Thus far in the 2016 cycle, candidates who made a strong showing – or at least had a boomlet – in previous cycles are doing horribly.


Thus far in the 2016 cycle, though, candidates who made a strong showing – or at least had a boomlet – in previous cycles are doing horribly. Yesterday, Rick Perry, who was briefly a front-runner in 2012 before his campaign imploded over a series of gaffes, cut his paid campaign staff in Iowa to one. His Iowa co-chair has “has moved back to the team for presidential candidate Rick Santorum, the candidate she supported in the 2012 cycle.” Alas, Santorum, who won Iowa and finished second overall last time, isn’t faring much better than Perry this go-round.

Look at the RealClearPolitics poll aggregate:

Recommended: 14 Republicans running in 2016

All the usual caveats about early polling notwithstanding, the re-runs are mere blips.

John Kasich is technically the leader among the re-runs, since he made a short-lived, if not-much-remembered run, in 2000. At the time, he was a mere congressman, if the chairman of the Budget Committee. He’s now governor of a major swing state. He’s at 4.7 percent, lagging a failed tech executive whose only political experience was a 10-point loss to Barbara Boxer for the US Senate.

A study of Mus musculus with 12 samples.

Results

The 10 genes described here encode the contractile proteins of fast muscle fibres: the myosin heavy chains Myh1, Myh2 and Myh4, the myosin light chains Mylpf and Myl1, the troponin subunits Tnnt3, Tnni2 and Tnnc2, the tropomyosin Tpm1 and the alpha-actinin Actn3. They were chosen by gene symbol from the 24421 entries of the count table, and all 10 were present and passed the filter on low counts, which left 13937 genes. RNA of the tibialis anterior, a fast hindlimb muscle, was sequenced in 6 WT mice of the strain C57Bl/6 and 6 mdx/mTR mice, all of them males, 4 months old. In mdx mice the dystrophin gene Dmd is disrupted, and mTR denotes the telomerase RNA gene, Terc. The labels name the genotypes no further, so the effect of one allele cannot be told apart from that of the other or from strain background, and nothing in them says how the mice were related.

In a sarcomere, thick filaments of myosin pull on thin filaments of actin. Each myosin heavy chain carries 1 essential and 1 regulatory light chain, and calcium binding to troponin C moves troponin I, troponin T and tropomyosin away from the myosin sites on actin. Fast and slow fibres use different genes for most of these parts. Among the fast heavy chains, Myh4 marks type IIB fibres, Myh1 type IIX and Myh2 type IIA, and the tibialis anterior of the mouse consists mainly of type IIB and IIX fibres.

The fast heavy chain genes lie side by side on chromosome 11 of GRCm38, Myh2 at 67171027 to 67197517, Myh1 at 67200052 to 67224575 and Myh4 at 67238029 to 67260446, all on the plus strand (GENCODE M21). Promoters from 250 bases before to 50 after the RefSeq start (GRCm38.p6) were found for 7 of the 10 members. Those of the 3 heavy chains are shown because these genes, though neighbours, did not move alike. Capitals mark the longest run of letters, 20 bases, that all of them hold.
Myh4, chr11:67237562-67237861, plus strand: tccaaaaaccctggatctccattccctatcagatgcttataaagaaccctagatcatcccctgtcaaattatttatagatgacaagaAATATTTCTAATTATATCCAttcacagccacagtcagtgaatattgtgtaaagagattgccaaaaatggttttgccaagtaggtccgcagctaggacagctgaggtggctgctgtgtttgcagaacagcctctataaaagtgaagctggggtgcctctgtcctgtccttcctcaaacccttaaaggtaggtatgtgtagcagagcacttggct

Mike Huckabee has made two reasonably successful runs, including technically finishing second to McCain in 2008 (Romney was the real runner-up but dropped out once it was clear McCain would be the nominee, while Huckabee hung around to rack up meaningless votes). He’s at a whopping 4.3 percent, good enough for 9th place.

Perry is a 1.3 and Santorum at 1.0. That puts them statistically tied with my dog Molly.

None of the top seven candidates at the moment have made a previous run for the Republican nomination. Donald Trump has flirted with several runs for president, including actually running for the Reform Party’s nod in 2000. Ben Carson never ran for anything. Jeb Bush is, of course, the son and brother of previous Republican presidents but is making his first go of it himself. Ted Cruz, Scott Walker, and Marco Rubio are all relative newcomers. Cruz came onto the national scene with his successful 2012 Senate campaign. Walker won the Wisconsin’s governor race in 2010, having failed in 2006.  Rubio also won his first major election in 2010.

Again, it’s early. It’s possible that Kasich will emerge as the last serious candidate standing not named Bush and go on to win the thing. But the current mood of the Republican electorate is not only anti-politician, it’s anti-anyone who has run before.

James Joyner is editor of the Outside the Beltway blog at http://www.outsidethebeltway.com/.